Dark Light

John Reinhart

There is no key, just an infinite number of doors turned inside out, each one creating a black hole full of white noise and closing into empty dreams where doves die forgotten on rotten limbs and their songs are unsung by warty toads spitting insects from their lips. That night, Joe found out who his friends really were. Hungry, homeless, responsible for a world not of his creation, he stumbled from door to door, hope to hope, growing colder at each step, growing smaller, retreating as humanity retreated from him. The dog approached her, panting. Protruding from his mouth was a long, red key. His ears instantly and simultaneously grew into windows and his tail a door.
After two years Mildred was passing all her classes, but found herself still groping aimlessly. The turning point came when, after studying for finals, she put her head down, fell asleep, and began to dream. Eternity held him in her wings, gently, and whispered silent promises of tomorrow. I read about his final leap and knew the window was important. They say he was running from something – just not far enough, and too little lift. Others see a message in the episode: steps built of angels’ wings and hairy legs.
Settled on the couch, he devoured umbrageous thoughts, feeding on the forgotten mists of insincere platitudes. The invisible silence between monk and monkey is where truth resides, in a musty, sixth-floor apartment, next door to the man who tried to hang glide out the window. He curled into the corner near an abandoned factory, sheltered from wind and rain, and tried to stay awake.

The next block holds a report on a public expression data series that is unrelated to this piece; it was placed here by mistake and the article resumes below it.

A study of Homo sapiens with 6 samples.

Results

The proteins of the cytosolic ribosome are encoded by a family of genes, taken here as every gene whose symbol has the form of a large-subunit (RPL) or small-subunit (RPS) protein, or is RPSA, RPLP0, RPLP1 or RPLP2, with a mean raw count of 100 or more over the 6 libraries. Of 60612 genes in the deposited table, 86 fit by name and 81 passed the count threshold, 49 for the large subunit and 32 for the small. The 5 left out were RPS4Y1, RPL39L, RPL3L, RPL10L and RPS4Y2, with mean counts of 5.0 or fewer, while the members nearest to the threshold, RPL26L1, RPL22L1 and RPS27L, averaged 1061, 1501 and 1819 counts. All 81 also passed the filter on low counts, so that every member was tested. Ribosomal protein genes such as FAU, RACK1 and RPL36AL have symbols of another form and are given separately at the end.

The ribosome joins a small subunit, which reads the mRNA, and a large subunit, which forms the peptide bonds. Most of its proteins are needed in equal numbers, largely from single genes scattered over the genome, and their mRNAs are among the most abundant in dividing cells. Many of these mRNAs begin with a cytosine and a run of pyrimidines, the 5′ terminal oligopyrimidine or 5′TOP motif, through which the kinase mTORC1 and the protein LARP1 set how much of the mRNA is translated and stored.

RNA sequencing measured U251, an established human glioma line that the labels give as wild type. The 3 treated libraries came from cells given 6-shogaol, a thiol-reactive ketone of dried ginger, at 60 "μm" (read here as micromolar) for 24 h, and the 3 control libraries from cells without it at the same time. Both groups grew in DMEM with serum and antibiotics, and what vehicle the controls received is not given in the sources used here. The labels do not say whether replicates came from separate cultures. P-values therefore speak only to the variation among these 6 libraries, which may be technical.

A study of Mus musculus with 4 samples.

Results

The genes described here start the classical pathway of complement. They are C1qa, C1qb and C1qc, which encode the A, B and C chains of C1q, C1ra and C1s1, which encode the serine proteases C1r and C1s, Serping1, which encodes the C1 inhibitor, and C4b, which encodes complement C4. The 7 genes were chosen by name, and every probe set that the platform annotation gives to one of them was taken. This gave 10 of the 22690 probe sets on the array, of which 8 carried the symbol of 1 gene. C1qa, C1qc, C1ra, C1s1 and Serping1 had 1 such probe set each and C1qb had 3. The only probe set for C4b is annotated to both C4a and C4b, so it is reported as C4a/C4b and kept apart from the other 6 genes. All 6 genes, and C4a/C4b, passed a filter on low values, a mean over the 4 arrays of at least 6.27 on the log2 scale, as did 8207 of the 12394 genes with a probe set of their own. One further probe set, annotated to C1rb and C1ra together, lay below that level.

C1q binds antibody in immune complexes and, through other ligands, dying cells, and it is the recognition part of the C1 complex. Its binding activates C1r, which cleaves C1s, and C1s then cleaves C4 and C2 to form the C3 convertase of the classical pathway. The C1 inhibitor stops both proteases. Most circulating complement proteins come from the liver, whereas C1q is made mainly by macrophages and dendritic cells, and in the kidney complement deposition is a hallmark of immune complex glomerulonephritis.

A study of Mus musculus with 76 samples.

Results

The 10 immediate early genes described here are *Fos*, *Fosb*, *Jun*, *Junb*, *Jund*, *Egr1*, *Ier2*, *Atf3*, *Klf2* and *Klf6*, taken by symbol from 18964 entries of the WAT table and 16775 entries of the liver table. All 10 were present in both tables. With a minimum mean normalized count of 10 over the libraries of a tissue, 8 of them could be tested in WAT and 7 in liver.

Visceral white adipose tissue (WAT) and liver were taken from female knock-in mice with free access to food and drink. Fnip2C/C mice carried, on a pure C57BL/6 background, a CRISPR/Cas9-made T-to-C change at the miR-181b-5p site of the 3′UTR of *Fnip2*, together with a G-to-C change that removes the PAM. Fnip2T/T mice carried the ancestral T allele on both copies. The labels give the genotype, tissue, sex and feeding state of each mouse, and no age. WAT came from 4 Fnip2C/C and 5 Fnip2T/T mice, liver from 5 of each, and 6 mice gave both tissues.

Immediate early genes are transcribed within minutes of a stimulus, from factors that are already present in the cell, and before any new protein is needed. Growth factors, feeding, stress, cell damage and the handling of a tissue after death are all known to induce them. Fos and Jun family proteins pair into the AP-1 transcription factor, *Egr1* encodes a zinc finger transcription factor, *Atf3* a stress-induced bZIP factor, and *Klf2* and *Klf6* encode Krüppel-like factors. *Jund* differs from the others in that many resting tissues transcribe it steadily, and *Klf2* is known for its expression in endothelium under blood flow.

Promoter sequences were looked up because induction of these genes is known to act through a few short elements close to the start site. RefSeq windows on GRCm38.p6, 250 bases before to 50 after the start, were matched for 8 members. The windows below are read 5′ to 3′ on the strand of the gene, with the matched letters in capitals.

The doors closed, the lights went out, and Joe was left with a memory for comfort, one solitary memory from childhood. Like billboards, the answers flashed past in vivid Technicolor. She closed her eyes, and fumbled for cigarettes. As the cold reached down each limb, chewing at his muscles, Joe closed his eyes. He blinked. Once, twice. The factory was on fire. Without a pause or warning, the building exploded, from foundation to satellite receiver on the roof.
Mildred went to night school. She took classes in astronomy, nocturnal biology, and darkness. Studied owls, and shadows. During the day she shut herself in her closet, wore dark sunglasses, hoping to illumine hidden mysteries. The door opened and a voice shouted from the left windows, “Don’t let all the heat out.” With nothing to gain, she took the key and opened the door, feeling a warm breeze through her hair. Joe was bathed in light and warmth as he woke.


Native of northwest Denver before boutiques replaced roughage, John Reinhart is a former state fiddle champion, state rhythm guitar champion, one time northeast regional yo-yo champion, and defender of the discarded. His poetry has recently been published in 94 Creations, Apeiron Review, Black Heart Magazine, Dirty Chai Magazine, FishFood & LavaJuice, Liquid Imagination, Poetry Nook Magazine, Songs of Eretz, Star*Line, and The Vocabula Review.